Saturday, 12 October 2013

Behind the scenes at the bank

It would be fair to say that the headquarters of the Cassa di Risparmio di Venezia in Campo Manin does not feature highly on any list of the city's most loved buildings.

It's an ultra-rare example of modernist architecture in the city and so, the complaint goes, it doesn't fit the surrounding environment. I don't think it's such a bad building - in other cities it might be thought of more highly - but there's no denying that it seems strange and out of place at first sight.

The history behind it is interesting. Towards the end of the 19th century, the city wanted a permanent monument to Daniele Manin, the hero of the rebellion against the Austrians. As a result, the church of San Paternian (already closed by Napoleon) was demolished to make way for the statue of Manin, and the square was renamed in his honour. In 1883, the first Cassa di Risparmio was opened there. By the 1960s, the bank had outgrown the building, and a new one was commissioned which opened in 1972. So it's worth stressing that the new building replaces one less than a century old - it's not as if one of the truly historic monuments was demolished to make way for it.

The architects were Angelo Scatolin and the great Pier Luigi Nervi.We had the chance to take a proper look around it during a one-day event called "Il Palazzo - Arte e Storia nelle banche" (think of it as a banks-only equivalent to "Doors Open Day" in the UK). We were taken round by one of the bank staff who explained its history. On the very first day of business, he told us, the bank took the grand total of 1.5 lira in deposits; the one from a bishop and the half from an ordinary member of the public.

I really like the interior, which feels spacious and full of light, due to a ceiling supported on just four pillars. I wasn't sure if I should take photographs or not - banks, understandably, get twitchy about that sort of thing - but the guide was quite happy for me to do so. Architecture students, he said, are always particularly interested in the staircase which shows the influence of Scarpa.

Beyond the architecture itself, there's some interesting art to be seen, and midway through the tour we were handed over to the bank's archivist. One of the board rooms holds one of the preparatory designs of the Paradiso, the full-scale version of which can be seen in the Palazzo Ducale. Another holds a portrait of a Venetian nobleman that is commonly attributed to Tintoretto's son Domenico. But, in the  opinion of the archivist, it may be something far more exciting : the lack of a signature and pentimenti (found throughout Domenico's work) might mean it is actually the work of Tintoretto's daughter Marietta, la Tintoretta.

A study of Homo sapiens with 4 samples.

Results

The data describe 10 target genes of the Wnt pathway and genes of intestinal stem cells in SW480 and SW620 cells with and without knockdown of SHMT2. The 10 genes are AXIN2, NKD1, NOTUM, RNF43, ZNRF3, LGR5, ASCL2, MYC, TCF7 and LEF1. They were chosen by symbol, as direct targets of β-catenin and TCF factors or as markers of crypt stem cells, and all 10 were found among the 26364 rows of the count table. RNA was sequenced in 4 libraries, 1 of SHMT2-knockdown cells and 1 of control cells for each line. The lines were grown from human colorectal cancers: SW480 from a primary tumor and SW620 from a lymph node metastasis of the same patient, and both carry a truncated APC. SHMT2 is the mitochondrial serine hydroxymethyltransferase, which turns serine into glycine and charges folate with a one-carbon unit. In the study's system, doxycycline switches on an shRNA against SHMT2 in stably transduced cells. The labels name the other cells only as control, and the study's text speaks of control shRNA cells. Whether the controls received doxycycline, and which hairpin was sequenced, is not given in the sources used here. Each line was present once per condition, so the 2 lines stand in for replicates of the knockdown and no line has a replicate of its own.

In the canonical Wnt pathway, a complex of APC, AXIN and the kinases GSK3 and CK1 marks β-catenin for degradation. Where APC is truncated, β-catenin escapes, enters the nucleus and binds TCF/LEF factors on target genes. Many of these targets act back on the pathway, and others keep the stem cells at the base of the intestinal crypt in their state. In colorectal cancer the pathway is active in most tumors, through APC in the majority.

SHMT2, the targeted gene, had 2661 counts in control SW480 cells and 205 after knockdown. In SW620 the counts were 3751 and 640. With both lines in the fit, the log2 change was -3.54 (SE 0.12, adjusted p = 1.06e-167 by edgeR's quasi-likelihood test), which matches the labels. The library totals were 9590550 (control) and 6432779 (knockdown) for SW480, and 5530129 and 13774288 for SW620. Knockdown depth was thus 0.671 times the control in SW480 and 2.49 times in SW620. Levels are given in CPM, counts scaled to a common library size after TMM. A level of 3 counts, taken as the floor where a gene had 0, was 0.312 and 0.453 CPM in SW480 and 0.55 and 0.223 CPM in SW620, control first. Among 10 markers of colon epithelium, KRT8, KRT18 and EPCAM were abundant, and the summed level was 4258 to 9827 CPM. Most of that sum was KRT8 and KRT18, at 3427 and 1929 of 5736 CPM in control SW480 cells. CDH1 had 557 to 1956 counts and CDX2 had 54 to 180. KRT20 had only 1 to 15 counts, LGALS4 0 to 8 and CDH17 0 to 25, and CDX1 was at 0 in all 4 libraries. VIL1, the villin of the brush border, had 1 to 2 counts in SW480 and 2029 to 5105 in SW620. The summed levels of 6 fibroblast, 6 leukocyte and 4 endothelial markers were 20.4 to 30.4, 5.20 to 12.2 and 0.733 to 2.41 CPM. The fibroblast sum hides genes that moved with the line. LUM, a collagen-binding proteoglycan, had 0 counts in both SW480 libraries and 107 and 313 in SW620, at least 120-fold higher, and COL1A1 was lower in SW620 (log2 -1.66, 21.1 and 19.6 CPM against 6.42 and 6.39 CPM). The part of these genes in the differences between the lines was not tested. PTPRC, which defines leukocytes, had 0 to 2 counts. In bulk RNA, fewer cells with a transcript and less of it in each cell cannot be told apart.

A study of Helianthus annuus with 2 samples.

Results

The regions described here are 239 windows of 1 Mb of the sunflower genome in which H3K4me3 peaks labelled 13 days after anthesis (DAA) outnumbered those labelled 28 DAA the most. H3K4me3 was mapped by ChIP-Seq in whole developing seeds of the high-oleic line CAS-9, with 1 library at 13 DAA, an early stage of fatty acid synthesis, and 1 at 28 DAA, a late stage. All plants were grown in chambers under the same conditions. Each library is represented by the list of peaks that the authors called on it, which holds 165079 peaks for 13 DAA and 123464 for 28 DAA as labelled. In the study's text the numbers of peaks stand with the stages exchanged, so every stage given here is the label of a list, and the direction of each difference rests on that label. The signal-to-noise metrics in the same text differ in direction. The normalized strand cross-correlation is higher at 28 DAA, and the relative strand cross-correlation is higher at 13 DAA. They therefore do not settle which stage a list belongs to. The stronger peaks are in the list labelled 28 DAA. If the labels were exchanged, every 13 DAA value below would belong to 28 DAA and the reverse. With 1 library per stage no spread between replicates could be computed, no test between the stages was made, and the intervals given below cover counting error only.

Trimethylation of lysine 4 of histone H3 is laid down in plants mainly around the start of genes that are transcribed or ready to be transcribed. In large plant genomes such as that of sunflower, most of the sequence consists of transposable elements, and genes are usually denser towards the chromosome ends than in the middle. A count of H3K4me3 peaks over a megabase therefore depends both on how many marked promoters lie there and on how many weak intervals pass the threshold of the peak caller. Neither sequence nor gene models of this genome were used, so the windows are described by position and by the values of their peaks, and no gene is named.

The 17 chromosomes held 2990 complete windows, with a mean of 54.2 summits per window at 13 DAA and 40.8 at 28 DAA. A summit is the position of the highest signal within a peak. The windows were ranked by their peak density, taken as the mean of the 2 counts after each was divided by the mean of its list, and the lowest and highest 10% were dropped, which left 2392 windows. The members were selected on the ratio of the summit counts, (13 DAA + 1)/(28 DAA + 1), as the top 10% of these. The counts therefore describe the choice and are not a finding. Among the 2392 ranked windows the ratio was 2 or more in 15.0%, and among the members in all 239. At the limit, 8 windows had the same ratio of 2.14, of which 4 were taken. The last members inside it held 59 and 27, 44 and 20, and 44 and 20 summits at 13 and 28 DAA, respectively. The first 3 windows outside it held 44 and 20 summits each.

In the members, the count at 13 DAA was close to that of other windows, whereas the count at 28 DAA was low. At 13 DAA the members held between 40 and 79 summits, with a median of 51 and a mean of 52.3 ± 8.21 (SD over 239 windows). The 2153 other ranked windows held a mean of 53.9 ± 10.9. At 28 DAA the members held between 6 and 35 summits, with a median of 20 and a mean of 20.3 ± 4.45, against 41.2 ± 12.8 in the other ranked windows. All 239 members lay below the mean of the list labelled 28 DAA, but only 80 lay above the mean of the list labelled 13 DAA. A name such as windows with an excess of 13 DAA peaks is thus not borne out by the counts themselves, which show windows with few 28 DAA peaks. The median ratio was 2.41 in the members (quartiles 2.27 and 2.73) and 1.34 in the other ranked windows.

He took us through to the archive itself, where he put on a pair of white cotton gloves and reverentially took down a small book, perhaps no more than 5" by 3". The Life of the Virgin, he announced, and turned to the beautifully illustrated front page. Painted by Giovanni Bellini with a brush made, it is said, from the hair of a newborn baby.

The  book, bound in Hungary,  was thought lost until an antiquarian in Vienna came into possession of it in the early 1990s, not long after Hungary had re-opened its borders. Funding was found to secure its return, and so the archivist travelled to Vienna, handed over the money, and returned to Venice with a book illustrated by Bellini tucked into his jacket pocket. He was, he told us, too scared to transport it any other way.

As I said, the building itself is a controversial one. But in its own, unique way, it's one of the most interesting in the city.

Saturday, 5 October 2013

San Francesco del Deserto

One of the more remote installations at the Biennale is on the tiny island of San Francesco del Deserto. It's not the easiest place to reach. You need to arrange a transfer from Burano, in advance, following which a boat will pick you up and take you to the island, where one of the frati will show you around. And no, they're not monks : as it was explained to us, monks are self-sufficient, and live an ascetic life cloistered away from the world. Friars belong to mendicant orders and live an evangelical lifestyle in which they move around on a regular basis.

They say the convent was founded in 1220, following a visit by St Francis after his return from the Holy Land; making this the northernmost Franciscan outpost in Italy. It's a lovely place, extremely peaceful. The convent itself underwent restoration in the mid 20th century, removing previous work that was not felt to be in keeping with the Franciscan ethos. There is no great art to be discovered here, but that's not the point. It doesn't distract from its simple, meditative beauty.

The main Biennale work had finished by the end of August, but there was one quite jolly piece that still remained (as the artist hadn't got round to removing it) :-

- entitled "Soft Carnivorous Machines", it consists of a number of fragile, crab-like claws of Murano glass emerging from the lagoon. In her statement, the artist claims that "St Francis would have liked these animals". I'm sure he would!